A rock you can count on
Have you ever been in an earthquake? I’ve been through several earthquakes. The area in Pakistan where I grew up as a missionary child was on one of the major fault lines, and we would feel them at least a couple of times a month. When I was in the military, I was stationed in Athens Greece when one hit there. Earthquakes can be terrifying. I think they are the scariest of the natural disasters. You get some warning with hurricanes or tornadoes, but earthquakes hit without warning. And the worst thing is that it shakes our confidence in things we trust in most. All our senses and experience tell us that the ground is firm, we can rely on it, we can build on it, put skyscrapers on it, put all our weight on it. We can trust it. But in an earthquake that is taken away from us. Even one of the things we feel like we can trust the most, the stability of the ground, is taken away from us. And you see the devastation they can cause — in Christchurch, New Zealand or in Haiti, even the great cathedrals crumble.
The psalmist in Psalm 62 has had some unsettling moments. This a Psalm of David. He is in his place of prominence, a palace, solid, on his hill, but his enemies have come after him. They are battering, pushing at him. They are lying to and about him, trying to bring him down. His solid place, his solid position as King is shaking, his enemies are causing an earthquake. But how does he react? For God alone, my soul waits in silence, from him comes my salvation, he alone is my rock and salvation, my fortress, I shall never be shaken. All that chaos around him is not affecting him, he has something more firm to rely on. He can wait quietly for the most solid rock of all, the most unshakable thing of all, God, his salvation and fortress. And the reason David can rely on him is set out in verses 11 and 12. God is the one, the only one, with true power, and the greatest thing of all is that that power is tempered and controlled by God’s steadfast love.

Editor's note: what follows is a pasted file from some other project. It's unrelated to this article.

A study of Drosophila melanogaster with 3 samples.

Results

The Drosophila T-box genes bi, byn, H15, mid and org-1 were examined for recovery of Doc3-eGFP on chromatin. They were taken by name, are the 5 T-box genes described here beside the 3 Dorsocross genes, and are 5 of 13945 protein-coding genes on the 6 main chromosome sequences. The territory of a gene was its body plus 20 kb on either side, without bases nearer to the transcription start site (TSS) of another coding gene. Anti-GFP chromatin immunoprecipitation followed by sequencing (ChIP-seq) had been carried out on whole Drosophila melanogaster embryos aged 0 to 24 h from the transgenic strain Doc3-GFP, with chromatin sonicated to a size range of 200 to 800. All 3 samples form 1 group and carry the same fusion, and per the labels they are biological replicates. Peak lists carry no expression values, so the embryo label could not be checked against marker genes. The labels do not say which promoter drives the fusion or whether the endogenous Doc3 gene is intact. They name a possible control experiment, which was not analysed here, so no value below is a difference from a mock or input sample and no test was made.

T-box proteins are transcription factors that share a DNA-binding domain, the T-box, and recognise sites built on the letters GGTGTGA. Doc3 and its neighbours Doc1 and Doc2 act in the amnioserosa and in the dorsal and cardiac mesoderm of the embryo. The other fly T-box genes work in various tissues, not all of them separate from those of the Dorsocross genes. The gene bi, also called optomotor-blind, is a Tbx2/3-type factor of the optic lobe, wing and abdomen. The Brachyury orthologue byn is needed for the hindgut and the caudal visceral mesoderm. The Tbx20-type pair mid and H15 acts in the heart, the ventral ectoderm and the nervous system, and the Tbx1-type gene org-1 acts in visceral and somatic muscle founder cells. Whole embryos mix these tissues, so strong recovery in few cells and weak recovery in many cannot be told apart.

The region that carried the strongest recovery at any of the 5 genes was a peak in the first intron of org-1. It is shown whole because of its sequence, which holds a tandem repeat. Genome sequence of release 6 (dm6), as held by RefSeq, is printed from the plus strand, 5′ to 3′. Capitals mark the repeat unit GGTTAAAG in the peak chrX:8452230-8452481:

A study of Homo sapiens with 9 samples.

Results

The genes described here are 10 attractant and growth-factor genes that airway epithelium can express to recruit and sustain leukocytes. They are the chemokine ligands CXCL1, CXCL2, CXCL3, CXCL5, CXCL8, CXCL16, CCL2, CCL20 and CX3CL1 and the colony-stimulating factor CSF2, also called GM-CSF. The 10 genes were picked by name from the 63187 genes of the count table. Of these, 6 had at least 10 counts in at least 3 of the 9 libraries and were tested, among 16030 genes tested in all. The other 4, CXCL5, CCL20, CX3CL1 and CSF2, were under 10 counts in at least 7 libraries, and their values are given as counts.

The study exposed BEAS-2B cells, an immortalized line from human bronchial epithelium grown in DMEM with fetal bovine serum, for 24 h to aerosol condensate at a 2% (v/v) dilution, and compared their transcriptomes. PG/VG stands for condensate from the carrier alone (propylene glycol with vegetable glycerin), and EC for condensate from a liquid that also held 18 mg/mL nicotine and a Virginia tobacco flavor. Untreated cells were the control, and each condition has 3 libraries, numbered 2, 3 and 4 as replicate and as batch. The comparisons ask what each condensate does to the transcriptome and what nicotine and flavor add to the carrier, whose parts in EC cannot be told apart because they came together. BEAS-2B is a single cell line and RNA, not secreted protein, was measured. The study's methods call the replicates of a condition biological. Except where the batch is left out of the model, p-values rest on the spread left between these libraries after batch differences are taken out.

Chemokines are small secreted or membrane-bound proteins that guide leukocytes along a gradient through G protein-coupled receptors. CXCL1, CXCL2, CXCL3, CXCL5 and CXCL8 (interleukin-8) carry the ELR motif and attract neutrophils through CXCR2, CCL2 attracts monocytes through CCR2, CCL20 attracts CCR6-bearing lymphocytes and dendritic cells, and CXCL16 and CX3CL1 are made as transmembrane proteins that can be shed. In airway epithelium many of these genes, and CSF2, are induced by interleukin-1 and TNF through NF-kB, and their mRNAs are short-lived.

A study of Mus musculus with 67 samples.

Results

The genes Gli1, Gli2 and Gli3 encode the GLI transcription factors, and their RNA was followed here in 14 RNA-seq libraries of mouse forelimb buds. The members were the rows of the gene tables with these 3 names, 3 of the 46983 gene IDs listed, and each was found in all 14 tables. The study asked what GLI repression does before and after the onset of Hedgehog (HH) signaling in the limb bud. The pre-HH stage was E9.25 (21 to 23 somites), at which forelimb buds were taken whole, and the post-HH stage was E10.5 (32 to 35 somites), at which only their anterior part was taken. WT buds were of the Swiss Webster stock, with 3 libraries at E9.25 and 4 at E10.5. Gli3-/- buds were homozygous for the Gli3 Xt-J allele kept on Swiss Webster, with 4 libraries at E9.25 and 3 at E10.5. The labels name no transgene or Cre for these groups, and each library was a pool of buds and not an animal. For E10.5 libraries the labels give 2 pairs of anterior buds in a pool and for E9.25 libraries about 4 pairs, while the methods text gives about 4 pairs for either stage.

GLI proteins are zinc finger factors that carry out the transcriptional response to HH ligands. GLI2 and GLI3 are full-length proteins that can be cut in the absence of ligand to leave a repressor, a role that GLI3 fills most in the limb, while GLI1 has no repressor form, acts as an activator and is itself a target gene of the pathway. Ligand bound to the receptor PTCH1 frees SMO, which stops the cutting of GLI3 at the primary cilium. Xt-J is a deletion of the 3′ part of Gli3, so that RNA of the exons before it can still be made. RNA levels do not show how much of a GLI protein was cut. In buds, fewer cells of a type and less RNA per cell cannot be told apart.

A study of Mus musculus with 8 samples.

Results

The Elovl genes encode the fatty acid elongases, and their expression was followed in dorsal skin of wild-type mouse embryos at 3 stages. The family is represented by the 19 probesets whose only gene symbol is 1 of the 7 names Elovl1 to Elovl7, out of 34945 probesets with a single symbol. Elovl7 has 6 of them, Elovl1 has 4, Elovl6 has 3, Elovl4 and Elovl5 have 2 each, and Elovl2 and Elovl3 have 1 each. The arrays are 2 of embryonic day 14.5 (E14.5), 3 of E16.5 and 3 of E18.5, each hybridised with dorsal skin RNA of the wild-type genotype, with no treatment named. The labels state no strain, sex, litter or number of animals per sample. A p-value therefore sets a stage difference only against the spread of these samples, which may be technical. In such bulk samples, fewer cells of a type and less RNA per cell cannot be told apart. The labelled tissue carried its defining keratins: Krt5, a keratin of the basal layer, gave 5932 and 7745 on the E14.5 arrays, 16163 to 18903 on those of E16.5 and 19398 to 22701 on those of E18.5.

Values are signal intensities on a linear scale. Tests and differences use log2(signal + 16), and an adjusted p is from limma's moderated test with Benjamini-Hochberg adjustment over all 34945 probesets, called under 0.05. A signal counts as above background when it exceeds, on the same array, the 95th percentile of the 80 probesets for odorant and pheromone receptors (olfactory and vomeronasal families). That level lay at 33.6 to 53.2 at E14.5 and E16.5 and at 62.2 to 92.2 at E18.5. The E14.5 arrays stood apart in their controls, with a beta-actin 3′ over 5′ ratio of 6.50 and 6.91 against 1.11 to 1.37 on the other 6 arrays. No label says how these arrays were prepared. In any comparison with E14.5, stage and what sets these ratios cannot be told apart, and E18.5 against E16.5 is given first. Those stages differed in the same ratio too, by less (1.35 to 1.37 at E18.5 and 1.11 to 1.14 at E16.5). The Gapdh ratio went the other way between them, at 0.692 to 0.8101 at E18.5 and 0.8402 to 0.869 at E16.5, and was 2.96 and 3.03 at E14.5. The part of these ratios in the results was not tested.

So as the earthquakes in life hit you, as things seem in chaos around you, and some of your basic assumptions on which you trust are shown to be shaky, how do you react? Where do you turn? What do you do? Well, it should be what David does: For God alone my soul waits in silence. That is where your salvation comes from.
REV. DALE BROWN is the pastor of Cumberland and Guinea Presbyterian churches. His email address is firstname.lastname@example.org.